Black Rocks, Caesaria 1985
Molly Lamb Bobak painted Black Rocks, Caesaria, during a visit to Israel. This scene from the Mediterranean coast captures the tension in her mature work between abstraction and representation.
The dark rocks along the shoreline are clearly the subject, with no people in view. The brushwork is light and hazy, suggesting the influence of J.M.W. Turner (1775–1851). In a letter to her mentor Jack Shadbolt (1909–1998), Lamb Bobak recounted the feelings of creative excitement she felt while she was painting this scene: “I rushed at the canvas with the security of knowing exactly what was in my eye—and there it was—a painting I really know was terrific; still a subject, but so much a part of the paint, all wedded, all alive.”
Lamb Bobak was drawn to beach scenes later in her career. Tea Hill, 1981, a beach in Tea Hill Provincial Park, P.E.I., was reproduced in “Canada Day, 1982: Canada Through the Eyes of Its Artists”—the commemorative series sponsored by Canada Post Corporation. It featured both contemporary and historical works, including Campus Gates, 1964, by Bruno Bobak (1923–2012), which was chosen to represent New Brunswick. Lamb Bobak’s contribution evokes a sense of movement in the painterly treatment of the clouds and the receding water at low tide.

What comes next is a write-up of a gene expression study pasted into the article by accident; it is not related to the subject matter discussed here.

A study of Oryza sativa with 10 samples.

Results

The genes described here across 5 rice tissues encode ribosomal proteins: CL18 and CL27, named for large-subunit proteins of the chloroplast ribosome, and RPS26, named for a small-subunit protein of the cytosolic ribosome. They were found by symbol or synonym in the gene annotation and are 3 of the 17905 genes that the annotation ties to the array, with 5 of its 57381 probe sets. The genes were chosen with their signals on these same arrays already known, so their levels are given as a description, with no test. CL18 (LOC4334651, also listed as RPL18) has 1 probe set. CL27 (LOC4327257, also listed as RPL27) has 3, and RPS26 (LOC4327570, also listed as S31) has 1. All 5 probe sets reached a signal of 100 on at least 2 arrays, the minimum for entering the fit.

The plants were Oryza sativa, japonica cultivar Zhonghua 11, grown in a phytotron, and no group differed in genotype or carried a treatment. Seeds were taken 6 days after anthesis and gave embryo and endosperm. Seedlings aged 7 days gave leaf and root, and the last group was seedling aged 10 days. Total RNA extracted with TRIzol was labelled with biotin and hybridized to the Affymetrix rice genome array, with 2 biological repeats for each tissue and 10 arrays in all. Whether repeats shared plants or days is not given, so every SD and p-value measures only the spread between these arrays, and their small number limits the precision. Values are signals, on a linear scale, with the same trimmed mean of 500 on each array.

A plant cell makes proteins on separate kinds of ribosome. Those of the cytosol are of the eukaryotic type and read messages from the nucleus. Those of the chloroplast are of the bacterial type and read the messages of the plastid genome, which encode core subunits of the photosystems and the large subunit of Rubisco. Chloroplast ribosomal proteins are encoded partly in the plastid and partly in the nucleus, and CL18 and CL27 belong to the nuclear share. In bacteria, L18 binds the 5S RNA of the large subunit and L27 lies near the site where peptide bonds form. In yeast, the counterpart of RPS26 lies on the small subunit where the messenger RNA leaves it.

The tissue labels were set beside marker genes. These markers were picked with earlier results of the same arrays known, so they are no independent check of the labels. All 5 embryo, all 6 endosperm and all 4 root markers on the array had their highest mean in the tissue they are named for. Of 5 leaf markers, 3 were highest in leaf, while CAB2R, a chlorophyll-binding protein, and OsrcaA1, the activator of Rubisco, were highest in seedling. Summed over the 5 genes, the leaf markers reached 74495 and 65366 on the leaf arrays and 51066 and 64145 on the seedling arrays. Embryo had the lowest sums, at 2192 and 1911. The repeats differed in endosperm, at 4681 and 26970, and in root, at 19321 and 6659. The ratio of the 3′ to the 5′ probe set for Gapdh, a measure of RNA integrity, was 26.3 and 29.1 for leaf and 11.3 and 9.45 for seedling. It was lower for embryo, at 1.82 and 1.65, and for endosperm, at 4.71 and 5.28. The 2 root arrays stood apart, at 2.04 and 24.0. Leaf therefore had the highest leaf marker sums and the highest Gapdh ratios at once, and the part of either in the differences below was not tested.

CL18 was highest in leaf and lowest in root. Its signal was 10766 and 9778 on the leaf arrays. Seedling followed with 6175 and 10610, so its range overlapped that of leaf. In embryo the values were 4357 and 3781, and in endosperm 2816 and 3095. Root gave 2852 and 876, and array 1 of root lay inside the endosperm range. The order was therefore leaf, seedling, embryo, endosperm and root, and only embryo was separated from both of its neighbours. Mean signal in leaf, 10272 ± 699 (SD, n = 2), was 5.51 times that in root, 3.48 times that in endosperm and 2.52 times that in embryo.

She suggests a human presence in the daubs of paint along an expanse of land at the centre of the composition, but the blustery beach atmosphere is the true subject of the painting. As with Black Rocks, Caesaria, the theme is clear, though the work is painterly and suggests an expressive response to the landscape.